Terror of MechaGodzilla from 1975 is remarkable for several things, not least of which it marks the return of director Ishiro Honda to the Godzilla franchise as well as becoming his final Godzilla movie. It was also the last Godzilla movie of the Showa era and seemed for a time to be the last Godzilla movie of all time. The movie is an attempt to try and capture the classic Godzilla magic one more time, using the classic elements. And in many respects it's a success. The story is yet another alien invasion flick, in fact it seems to be part two of the same invasion flick with MechaGodzilla returning after a very successful debut and run by supposedly the same aliens as last time, though oddly they look different. There's actually a very heartwarming story of a young woman who has been forced to be a weapon for the aliens in an attempt to take over the planet. To that end she and the ancient dinosaur Titanosaurus have been manipulated to become weapons alongside the titular MechaGodzilla.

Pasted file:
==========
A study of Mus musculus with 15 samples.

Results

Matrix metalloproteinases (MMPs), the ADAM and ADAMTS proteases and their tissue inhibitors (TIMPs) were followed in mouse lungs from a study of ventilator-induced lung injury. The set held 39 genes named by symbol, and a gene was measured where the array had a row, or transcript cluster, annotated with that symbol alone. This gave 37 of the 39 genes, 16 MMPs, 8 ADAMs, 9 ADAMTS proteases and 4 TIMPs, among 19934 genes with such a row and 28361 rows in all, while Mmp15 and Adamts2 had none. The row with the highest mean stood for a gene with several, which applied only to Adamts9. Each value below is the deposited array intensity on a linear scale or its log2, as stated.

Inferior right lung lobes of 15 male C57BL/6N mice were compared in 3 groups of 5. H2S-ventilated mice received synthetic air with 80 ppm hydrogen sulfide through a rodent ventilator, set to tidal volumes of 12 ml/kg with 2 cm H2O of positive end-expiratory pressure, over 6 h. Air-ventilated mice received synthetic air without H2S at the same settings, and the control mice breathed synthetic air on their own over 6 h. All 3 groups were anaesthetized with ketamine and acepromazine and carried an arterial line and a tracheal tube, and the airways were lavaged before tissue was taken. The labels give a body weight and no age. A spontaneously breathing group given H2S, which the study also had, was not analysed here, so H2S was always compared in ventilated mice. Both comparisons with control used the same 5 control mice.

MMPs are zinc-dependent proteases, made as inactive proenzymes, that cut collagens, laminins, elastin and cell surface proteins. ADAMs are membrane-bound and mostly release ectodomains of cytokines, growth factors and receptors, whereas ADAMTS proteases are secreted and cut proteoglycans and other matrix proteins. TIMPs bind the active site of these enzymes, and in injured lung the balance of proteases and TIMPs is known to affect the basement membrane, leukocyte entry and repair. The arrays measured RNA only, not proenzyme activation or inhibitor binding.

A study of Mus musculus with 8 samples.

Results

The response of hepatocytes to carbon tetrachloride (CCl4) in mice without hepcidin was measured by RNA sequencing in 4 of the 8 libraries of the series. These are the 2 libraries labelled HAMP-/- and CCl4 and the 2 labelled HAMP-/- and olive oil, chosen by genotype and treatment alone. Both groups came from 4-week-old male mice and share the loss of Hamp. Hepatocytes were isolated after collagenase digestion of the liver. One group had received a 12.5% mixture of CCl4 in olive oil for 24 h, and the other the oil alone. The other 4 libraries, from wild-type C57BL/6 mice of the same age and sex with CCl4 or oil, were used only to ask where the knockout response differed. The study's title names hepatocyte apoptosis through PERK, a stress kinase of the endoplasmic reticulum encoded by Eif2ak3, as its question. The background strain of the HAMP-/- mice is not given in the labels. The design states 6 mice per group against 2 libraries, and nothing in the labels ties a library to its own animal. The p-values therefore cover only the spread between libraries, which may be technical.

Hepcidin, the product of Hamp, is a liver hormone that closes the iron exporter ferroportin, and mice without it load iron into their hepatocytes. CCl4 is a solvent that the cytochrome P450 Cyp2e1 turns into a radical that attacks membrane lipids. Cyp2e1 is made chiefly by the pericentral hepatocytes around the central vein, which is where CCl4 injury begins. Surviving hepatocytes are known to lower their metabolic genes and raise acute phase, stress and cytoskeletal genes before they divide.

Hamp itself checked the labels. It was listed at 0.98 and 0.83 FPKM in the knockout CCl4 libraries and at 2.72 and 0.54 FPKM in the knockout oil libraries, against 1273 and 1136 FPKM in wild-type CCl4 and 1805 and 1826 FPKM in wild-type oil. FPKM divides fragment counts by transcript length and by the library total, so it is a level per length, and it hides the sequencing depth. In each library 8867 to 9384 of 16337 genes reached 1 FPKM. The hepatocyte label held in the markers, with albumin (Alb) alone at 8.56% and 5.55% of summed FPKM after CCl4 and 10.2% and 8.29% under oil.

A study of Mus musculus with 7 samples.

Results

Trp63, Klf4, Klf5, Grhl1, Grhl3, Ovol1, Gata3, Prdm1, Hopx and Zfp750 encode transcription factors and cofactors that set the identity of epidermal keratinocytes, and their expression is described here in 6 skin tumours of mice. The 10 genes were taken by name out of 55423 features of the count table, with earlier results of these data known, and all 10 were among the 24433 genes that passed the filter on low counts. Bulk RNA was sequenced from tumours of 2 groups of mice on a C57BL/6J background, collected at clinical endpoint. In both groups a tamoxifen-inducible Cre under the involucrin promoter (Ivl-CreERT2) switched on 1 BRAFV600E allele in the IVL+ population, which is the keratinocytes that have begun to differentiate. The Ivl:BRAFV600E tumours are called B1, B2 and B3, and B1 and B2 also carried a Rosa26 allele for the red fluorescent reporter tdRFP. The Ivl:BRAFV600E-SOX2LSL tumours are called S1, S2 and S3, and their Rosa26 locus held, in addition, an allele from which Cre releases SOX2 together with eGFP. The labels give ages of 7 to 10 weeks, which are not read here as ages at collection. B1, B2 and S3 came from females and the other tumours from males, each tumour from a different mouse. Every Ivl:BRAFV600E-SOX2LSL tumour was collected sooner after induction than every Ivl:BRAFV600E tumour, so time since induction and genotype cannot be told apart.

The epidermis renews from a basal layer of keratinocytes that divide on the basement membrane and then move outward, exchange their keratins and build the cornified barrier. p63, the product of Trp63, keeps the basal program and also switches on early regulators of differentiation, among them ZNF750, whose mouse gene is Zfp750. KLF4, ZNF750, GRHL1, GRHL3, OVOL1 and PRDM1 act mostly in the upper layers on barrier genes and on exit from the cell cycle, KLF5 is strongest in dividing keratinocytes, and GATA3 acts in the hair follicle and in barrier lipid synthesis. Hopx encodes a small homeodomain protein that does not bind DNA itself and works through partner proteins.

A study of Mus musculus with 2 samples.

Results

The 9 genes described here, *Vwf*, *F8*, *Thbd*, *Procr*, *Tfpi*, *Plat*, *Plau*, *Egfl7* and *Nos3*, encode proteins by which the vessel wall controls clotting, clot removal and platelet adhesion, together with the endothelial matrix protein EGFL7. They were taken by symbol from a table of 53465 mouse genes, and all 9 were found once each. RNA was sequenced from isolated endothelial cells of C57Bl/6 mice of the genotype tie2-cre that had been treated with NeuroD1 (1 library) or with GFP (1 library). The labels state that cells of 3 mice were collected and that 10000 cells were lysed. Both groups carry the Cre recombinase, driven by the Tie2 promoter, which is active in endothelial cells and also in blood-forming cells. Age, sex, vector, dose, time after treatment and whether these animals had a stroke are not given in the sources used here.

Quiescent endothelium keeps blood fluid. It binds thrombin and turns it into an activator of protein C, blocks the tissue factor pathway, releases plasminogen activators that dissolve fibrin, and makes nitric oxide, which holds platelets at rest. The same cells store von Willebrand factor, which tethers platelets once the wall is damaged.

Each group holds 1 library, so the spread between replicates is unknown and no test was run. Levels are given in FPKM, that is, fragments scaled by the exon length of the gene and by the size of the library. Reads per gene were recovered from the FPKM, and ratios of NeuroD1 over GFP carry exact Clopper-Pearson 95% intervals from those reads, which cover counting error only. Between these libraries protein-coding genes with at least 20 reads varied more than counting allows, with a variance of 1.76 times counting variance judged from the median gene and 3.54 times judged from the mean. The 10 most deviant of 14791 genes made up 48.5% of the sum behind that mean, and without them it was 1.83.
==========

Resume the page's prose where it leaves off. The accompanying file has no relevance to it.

Godzilla himself is alone this time, taking on the enemy by his atomic-breathing own. And he shows up splendidly in this farewell outing. He's been redesigned slightly to look a bit more menacing and less cuddly and his fighting seems more ferocious and less fanciful, though those lighter elements are not altogether absent. When the sacrifices have been made and the battles fought and won, Godzilla is showcased in the "Big Tank" one more time in the blazing red light of a setting sun heading out to sea for his final curtain call. It's not a bad send off given how wonky the series had become from year to year.
Watching Showa Godzilla movies requires a flexible notion of what makes a good monster movie. If you get yourself locked into one notion then you will find some of them just awful, but if you discover as I do when I watch these fifteen movies that what a monster is can changed over time and from story to story, and further that the changes are key making the whole concept and the genre it begat rich and endlessly diverting. The fifteen Showa Godzilla movies are sumptuous feast, filled with different flavors and distinct tones that rarely if ever bore. Some of terrifying, some are hilarious, and a few are stupifying, but all of them are fascinating in their own way. After a break of ten years it was deemed time for Godzilla to return at long last.
Check in tomorrow for one more Godzilla post.